Do You Know the Five Lamps? Mural Project

Roddy Doyle with director Joe O,Byrne at The Five Lamps play launch

Do You Know the Five Lamps?’ mural was a project initiated by Eoghan Cleary and the young people of Swan Youth Services in the North East Inner City. Driven by their interest in cycling and graffiti murals, the group cycled around the city each week looking at different images they could draw upon for inspiration. They also organised a trip to Belfast to tour the iconic murals there on both sides of the conflict.  When Roisin Lonergan came to them with a space beside Marino College they leapt at the opportunity to create a piece of mural art in such a prominent and central location within their local community.

The young group collaborated for over 6 months with local artist Fionnuala Halpin to develop a piece that would incorporate all the aspects of the North Strand area and communities, spanning across all of the seminal moments in history through the centuries from the arrival of the Vikings to the modern issues faced by the community today.

In late June 2015 with the support of the Croke Park Community Fund, and Marino College of FE and The Five Lamps Arts Festival the plan was put into action. With an extended group of youth people from Swan Youth Service along with a host of local artist volunteers, the group spent an entire week for often 12 hours a day, transferring the ideas developed from their workings on paper to the paint on the wall that you see today. The result of their successful collaboration spans the wall of the Memorial Garden beside Marino College on the North Strand Road.

The first swan flies out of the flames with the title of the proclamation of Independence written on it symbolising the new republic emerging from the flames. The swans represent the Children of Lir, the young people of SWAN Youth Service, and the socialist republican ideals born from the flames of the GPO as they carry the proclamation forward through time across the Dublin night sky as the historical development of the community continues below. The bomb that was dropped in this very location n WWII killing 28 people; the flooding of 1950; the tram that would have run along the North Strand Road to Howth; the Monto and the lion that was shot outside the North Strand cinema in 1953. The Five Lamps represent the point at which the mural moves from the events of the past to the issues of the future; the right to water; helping the homeless and the right to a home as well as the marriage equality rainbow over the canal.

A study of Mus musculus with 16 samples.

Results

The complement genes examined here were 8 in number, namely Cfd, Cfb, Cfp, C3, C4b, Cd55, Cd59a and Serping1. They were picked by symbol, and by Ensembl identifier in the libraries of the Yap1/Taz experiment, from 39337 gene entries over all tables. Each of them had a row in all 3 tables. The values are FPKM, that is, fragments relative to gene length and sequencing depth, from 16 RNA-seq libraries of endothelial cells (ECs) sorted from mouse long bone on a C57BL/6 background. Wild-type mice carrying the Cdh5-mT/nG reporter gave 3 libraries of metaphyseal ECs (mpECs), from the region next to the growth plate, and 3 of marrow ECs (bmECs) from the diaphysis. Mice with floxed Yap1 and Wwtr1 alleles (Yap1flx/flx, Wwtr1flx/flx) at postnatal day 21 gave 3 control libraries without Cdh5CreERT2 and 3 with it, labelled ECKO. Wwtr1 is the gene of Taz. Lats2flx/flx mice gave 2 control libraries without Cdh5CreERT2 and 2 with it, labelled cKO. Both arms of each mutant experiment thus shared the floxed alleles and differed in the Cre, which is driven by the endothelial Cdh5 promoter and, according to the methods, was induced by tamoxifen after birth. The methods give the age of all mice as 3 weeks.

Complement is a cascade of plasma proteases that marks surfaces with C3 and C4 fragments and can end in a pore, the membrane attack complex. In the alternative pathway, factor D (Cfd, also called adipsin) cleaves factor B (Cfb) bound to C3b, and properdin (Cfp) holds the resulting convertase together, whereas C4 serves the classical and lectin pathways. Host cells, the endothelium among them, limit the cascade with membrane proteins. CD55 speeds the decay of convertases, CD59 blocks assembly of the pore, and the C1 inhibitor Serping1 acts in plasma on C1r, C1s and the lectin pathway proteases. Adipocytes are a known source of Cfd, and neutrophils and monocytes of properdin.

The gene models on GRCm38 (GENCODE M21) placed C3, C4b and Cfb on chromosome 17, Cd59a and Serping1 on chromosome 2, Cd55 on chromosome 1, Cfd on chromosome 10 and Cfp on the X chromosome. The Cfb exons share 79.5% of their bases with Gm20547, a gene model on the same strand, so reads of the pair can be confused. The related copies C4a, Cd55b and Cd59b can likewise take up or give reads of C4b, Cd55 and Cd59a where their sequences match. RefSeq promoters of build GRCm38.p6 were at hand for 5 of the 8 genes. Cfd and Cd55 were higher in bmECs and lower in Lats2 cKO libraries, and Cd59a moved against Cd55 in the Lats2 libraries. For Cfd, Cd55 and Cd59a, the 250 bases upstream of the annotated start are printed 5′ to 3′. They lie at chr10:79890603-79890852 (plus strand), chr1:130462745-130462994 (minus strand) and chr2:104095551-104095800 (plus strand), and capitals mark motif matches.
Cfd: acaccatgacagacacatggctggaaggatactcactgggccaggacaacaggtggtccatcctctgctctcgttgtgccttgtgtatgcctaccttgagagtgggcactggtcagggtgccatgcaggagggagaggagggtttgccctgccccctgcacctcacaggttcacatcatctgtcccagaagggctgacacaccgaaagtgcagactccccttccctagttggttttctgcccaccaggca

From left to right the waves of foreign lands carries the arrival of the Vikings from Asgard representing the fact that we are all original immigrants to this country as well as representing the more obvious diversity that exists in the community today particularly in respect to the generations of new Irish young people. It quickly changes to the 20th century with the IRB bringing guns (carried by the Asgard) to the city in 1916 as they would have walked along the North Strand Road. These gun runners lead us to the central image of the image of the GPO in flames that drives the main idea of the mural that the ideals put forth in the proclamation of independence in 1916 are still being realised and fought for 100 year later in our communities today.

The musicians symbolise the rich cultural history of the area echoed in the signpost for the Five Lamps Arts Festival. The starry plough, a salute to Sean O’ Casey. The cyclists old and new show how the function of the road has been the same steadfast pathway for travellers over the ages. Finally James Joyce, who wrote about travelling along the North Strand Road in Ulysses, sits on the landmark bridge over the canal as he did in Dubliners, as the last swan flies overhead having transformed into an airplane. In it, the words of the proclamation that address our exiled children abroad represents the diaspora of millions that have left our shores when it was impossible to stay, again echoing the transient nature of what it is to be Irish.

We decided to title it ‘Do You Know the Five Lamps?’ after the famous local Dublin saying. As well as the local familiarity and ownership of the phrase it also asks people who may not be as familiar with their own community to ask themselves if they really know about all the events that has come to pass in the area known as the five lamps.